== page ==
In addition to an extremely tight housing market in California, prospective homebuyers are also now facing the prospect of a rising cost of living on everything from cars to gas to groceries to consumer goods. This, in turn, has triggered a more aggressive stance by the Federal Reserve, which has signaled that they are prepared to raise their target interest rate several times this year in order to stave off further inflation. Thus far, interest rates for 30-year, fixed-rate mortgages have already risen from an all-time low of 2.65% at the beginning of 2021 to nearly 4% by February 2022. In addition, the emerging conflict between Russia and the Ukraine threatens additional inflation in the U.S. as global oil supplies are disrupted.

However, despite the rising headwinds facing the real estate market in California, there are also reasons for potential homebuyers to overcome the dreaded “buyer fatigue” to get their foot on the property ladder in 2022. First, interest rates are expected to continue to normalize back to pre-pandemic levels where rates above 4% were the rule, not the exception. Even if the Federal Reserve does not raise rates as many times as they have signaled, inflation expectations and a recovering economy will translates into higher long-term rates—the question is simply, “by how much?” This is an important consideration for future homebuyers because for the projected $830,000 median-priced home in California this year, each 0.5% increase in mortgage rates translates into roughly $200 per month in additional mortgage payments. And, that additional payment is for the same exact $830,000 home. No extra square footage; no extra amenities; no extra outdoor space—$200 per month is simply additional borrowing costs.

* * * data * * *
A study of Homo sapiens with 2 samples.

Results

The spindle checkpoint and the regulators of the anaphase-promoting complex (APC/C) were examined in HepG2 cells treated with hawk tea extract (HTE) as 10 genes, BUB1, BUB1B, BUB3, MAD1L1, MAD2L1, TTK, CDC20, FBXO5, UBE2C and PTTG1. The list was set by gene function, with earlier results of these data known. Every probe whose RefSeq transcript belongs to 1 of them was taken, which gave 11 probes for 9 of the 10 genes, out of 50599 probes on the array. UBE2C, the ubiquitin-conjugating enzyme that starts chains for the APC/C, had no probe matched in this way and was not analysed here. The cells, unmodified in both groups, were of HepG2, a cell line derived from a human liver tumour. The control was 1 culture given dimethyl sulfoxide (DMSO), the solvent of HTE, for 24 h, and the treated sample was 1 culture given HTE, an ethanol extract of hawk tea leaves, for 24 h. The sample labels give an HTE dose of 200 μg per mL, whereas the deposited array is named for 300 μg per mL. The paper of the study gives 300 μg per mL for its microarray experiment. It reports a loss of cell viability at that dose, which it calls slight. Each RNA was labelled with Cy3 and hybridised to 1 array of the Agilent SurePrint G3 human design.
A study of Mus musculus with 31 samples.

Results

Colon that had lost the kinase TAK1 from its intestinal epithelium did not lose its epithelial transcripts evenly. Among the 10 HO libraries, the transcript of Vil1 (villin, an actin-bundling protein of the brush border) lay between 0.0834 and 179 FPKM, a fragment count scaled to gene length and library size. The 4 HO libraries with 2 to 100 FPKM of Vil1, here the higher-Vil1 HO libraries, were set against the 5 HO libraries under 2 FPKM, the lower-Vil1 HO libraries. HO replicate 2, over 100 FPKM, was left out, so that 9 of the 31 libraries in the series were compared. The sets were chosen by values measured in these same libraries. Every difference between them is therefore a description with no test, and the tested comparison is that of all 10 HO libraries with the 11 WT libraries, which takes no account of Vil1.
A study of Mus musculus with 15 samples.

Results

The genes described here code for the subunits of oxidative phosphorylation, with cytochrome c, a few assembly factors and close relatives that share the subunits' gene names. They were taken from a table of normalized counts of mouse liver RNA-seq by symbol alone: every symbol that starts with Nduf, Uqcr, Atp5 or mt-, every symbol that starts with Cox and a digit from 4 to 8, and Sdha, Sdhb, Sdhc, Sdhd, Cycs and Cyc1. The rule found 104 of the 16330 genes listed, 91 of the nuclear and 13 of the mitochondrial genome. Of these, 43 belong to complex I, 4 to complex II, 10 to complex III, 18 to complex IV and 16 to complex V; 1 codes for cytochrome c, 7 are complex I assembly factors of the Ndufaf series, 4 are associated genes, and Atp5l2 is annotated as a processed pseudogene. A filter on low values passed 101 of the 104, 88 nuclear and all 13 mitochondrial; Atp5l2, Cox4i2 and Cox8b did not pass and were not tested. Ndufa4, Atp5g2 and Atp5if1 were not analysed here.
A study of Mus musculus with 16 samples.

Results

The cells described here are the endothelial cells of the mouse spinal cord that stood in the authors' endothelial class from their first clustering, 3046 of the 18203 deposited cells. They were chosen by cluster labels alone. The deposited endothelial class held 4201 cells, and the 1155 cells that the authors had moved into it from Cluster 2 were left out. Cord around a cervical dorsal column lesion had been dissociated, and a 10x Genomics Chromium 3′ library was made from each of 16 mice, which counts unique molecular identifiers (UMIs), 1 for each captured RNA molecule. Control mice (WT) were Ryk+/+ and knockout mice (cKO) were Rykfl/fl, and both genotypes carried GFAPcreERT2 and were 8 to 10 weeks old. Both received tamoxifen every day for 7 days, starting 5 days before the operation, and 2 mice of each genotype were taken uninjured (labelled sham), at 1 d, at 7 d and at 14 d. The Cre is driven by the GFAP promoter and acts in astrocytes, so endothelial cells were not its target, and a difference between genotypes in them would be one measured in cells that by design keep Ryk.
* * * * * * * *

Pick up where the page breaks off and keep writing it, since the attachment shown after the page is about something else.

Another important factor for homebuyers to consider is the outlook for home prices. Even with the rise in interest rates, housing demand still far outstrips housing supply in California and this trend is expected to generate more upward pressure on home prices. Despite the turbulent economic environment owing to the pandemic, the fundamentals in the housing market remain robust and the prospects for a surge of defaults and foreclosures driving a flood of new inventory onto the market are minimal as a result. C.A.R. is currently forecasting that the median home price will rise by 5.2% in 2022, but there is consensus amongst other forecasters that prices will continue to rise as well.

Taken together, that means that the cost of waiting until next year will be two-fold: paying higher prices at even higher interest rates—something that will have significant financial implications for homeowners over a 30-year loan period.

Finally, the white-hot market characterized by extreme competition amongst buyers that prevailed last summer, has ebbed slightly creating a bigger window of opportunity for would-be homeowners. Although still very tight by historical standards, homes are staying on the market slightly longer now than they were in 2021. In addition, the percentage of homes selling for more than the asking price has also fallen slightly—another positive development for those submitting offers. As always, the decision on when is the “best time to buy” a home comes down to the individual personal and financial circumstance. However, an improving economy, rates that are still near historic lows, and the prospect of both higher prices and higher interest rates in the future suggest that, for those in a position to be able to do so, 2022 could be a good time for many homebuyers to finally achieve the American Dream of homeownership.